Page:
It comes as no surprise that China’s land is suffering worsening effects of rapid modernization, nor that cadmium, arsenic and nickel are the top pollutants. But the extent of the problem is perhaps surprising. A multiyear study (2005–2013), kept secret at first, sampled two thirds of the country’s land area; it found that 16 percent of soil and almost 20 percent of arable land was slightly to severely contaminated. While the government is taking steps to remedy the problem, many fear that vested interests and poor local enforcement of regulations will compromise improvement.
We know from the record of history that when civilizations do not respect their topsoil, they fail almost without exception (see Topsoil and Civilization by Vernon Gill Carter and Tom Dale, 1955, 1974). The number of such civilizations is reckoned to be between 10 and 30, depending on who is counting. In modern times, topsoil may suffer through industrial pollution with inorganic substances and/or chemical fertilizers. Historically, however, deterioration was the result of poor land management and inappropriate farming methods, including overgrazing, overcropping, overirrigating and failing to restore soil fertility. Many of these abuses in farming persist today as agribusiness, where short-term profit reigns supreme.
“Civilized man has marched across the face of the earth and left a desert in his footprints.”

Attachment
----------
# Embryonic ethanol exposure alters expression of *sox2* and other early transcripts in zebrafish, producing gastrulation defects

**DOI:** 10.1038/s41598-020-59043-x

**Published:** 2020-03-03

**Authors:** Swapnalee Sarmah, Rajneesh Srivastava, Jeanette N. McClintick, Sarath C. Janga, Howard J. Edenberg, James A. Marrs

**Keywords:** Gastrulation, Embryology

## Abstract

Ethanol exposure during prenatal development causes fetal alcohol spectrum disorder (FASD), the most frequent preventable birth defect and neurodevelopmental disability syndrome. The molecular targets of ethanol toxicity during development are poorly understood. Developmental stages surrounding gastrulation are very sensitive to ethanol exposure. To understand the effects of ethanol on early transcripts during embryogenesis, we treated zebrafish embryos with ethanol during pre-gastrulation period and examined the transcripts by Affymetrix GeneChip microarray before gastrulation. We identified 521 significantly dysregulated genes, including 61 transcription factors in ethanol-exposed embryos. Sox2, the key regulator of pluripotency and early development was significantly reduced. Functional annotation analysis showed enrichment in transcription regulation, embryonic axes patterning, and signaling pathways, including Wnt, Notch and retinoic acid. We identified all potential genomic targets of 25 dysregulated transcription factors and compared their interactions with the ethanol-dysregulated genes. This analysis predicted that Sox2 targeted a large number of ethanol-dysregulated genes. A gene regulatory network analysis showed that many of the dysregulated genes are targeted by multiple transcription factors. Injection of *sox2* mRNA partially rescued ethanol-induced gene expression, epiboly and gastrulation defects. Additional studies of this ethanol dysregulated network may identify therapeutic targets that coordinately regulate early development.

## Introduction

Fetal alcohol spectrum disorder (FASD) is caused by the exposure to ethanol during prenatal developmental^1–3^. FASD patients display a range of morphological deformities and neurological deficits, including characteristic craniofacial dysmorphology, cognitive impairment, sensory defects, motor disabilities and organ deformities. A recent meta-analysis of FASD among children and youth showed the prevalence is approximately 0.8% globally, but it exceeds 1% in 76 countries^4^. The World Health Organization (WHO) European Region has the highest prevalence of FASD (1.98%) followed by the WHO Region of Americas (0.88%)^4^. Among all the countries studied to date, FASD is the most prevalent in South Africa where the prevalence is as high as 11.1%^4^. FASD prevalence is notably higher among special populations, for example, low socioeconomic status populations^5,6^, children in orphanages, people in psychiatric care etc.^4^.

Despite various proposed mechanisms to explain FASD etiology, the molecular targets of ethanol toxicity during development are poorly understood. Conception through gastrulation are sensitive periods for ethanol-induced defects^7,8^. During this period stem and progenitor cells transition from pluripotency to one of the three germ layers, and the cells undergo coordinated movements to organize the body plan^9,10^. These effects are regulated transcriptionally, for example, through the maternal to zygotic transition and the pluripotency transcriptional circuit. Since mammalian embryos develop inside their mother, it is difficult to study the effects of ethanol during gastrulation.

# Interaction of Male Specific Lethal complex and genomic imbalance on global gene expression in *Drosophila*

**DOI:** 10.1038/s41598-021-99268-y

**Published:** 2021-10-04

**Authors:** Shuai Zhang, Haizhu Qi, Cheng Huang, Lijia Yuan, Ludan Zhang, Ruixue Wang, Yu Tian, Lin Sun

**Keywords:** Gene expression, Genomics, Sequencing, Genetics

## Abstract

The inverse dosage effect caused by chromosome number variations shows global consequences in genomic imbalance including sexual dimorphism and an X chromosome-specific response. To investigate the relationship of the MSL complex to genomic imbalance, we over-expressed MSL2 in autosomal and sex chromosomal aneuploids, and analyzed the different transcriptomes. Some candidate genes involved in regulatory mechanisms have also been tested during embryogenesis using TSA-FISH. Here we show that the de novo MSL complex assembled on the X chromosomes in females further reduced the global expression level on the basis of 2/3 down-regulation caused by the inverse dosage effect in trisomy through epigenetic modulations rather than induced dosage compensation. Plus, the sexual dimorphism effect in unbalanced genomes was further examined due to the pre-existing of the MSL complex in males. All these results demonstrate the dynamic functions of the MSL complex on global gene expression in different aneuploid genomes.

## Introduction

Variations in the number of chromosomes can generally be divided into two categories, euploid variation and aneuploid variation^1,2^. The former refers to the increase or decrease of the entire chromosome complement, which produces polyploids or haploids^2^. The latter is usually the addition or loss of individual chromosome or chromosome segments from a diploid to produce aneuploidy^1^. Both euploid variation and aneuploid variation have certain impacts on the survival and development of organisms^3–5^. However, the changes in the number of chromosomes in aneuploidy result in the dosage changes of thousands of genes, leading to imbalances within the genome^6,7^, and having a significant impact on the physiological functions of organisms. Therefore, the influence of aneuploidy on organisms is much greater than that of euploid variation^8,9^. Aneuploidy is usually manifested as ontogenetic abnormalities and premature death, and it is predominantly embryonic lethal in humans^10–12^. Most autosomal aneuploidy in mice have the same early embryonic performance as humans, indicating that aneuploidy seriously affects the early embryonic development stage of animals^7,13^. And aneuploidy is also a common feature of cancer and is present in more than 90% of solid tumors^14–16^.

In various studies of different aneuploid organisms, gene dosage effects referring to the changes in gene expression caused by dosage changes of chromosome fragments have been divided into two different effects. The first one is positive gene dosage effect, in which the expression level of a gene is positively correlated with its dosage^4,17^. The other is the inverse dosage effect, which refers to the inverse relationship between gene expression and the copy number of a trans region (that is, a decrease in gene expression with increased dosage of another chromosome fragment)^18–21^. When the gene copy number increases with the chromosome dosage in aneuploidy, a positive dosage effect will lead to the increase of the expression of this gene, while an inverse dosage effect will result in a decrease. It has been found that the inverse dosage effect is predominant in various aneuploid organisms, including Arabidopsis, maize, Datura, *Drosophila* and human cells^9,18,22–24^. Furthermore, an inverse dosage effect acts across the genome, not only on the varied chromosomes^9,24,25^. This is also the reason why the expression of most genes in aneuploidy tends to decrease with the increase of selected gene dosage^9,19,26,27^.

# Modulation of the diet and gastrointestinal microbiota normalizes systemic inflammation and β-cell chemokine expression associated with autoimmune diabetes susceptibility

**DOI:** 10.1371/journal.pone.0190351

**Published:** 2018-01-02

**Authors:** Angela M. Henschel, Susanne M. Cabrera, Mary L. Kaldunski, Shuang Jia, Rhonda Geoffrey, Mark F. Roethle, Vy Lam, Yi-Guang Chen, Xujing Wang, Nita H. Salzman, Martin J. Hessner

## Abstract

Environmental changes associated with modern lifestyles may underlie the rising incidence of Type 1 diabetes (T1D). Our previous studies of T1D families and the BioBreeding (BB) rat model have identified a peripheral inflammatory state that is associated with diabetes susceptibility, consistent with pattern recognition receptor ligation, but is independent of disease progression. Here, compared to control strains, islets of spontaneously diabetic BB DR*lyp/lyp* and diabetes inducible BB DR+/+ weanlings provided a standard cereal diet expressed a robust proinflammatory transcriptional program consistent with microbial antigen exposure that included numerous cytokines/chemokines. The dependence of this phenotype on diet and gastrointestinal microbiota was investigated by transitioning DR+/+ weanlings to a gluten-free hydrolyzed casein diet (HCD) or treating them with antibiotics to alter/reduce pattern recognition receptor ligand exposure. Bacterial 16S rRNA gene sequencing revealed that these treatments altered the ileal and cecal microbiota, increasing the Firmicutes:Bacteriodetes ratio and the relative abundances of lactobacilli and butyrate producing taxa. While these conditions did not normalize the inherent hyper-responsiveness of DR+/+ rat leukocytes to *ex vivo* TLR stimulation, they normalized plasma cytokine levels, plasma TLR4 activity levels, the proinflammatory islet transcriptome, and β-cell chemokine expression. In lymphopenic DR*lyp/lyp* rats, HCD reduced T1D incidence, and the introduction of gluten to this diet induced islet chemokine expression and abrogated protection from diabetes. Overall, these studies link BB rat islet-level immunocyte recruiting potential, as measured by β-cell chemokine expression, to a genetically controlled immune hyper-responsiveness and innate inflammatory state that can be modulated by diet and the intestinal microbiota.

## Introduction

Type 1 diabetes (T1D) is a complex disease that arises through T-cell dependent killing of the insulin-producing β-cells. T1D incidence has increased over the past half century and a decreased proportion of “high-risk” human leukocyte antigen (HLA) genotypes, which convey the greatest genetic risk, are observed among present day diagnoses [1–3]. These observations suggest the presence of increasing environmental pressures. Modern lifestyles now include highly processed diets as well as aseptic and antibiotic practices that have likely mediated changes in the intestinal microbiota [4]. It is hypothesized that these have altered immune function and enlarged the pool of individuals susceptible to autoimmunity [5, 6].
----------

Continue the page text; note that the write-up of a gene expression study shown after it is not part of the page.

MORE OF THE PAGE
A perceptive man noted that “civilized man has marched across the face of the earth and left a desert in his footprints.” While perhaps an overstatement, its underlying truth can be seen especially in Iraq, Syria, Armenia, Turkey, Greece, Crete, Lebanon, Palestine, North Africa, Spain and Italy. But abuse of topsoil happens everywhere. It is just a matter of degree.
The Romans ruined vast agricultural areas of Tunisia and Algeria as they sought grain and foodstuffs to feed their burgeoning population. The period known as the Pax Romana, when peace dominated the empire for more than 200 years, was also the time of greatest land abuse. Loss of fertility from overproduction eventually meant less food. This self-induced unsustainability contributed fundamentally to decline and eventual collapse.
In North America, conservationists and secular prophets have long warned of the perils of failing to renew and replace the soil from which come vital foods. Topsoil in parts of the Midwest is some of the deepest in the world, yet due to modern farming practices that contribute to erosion, millions of tons are washing down the Mississippi annually into the muddied Gulf of Mexico. Though conservation efforts have yielded some improvement in recent years, soil is still being lost at a rate at which the earth cannot replace it. As some put it, we have “unzipped” the land.
This degree of deterioration is a global problem. “The estimated rate of world soil erosion now exceeds new soil production by as much as 23 billion tons per year, an annual loss of not quite one percent of the world’s agricultural soil inventory,” says geologist David Montgomery in Dirt: The Erosion of Civilizations (2007, 2012).
We are on track to lose by many methods a sufficient amount of soil over the coming decades to compromise our ability to feed the world’s population. It is a global problem, not a local one. Yet its solution is essentially local, not global: the Bible reveals that the land is God’s, a gift to humanity, and therefore to be treated by each person with respect and gratitude, with care and conservation. “To the Lord your God belong heaven and the heaven of heavens, the earth with all that is in it” (Deuteronomy 10:14).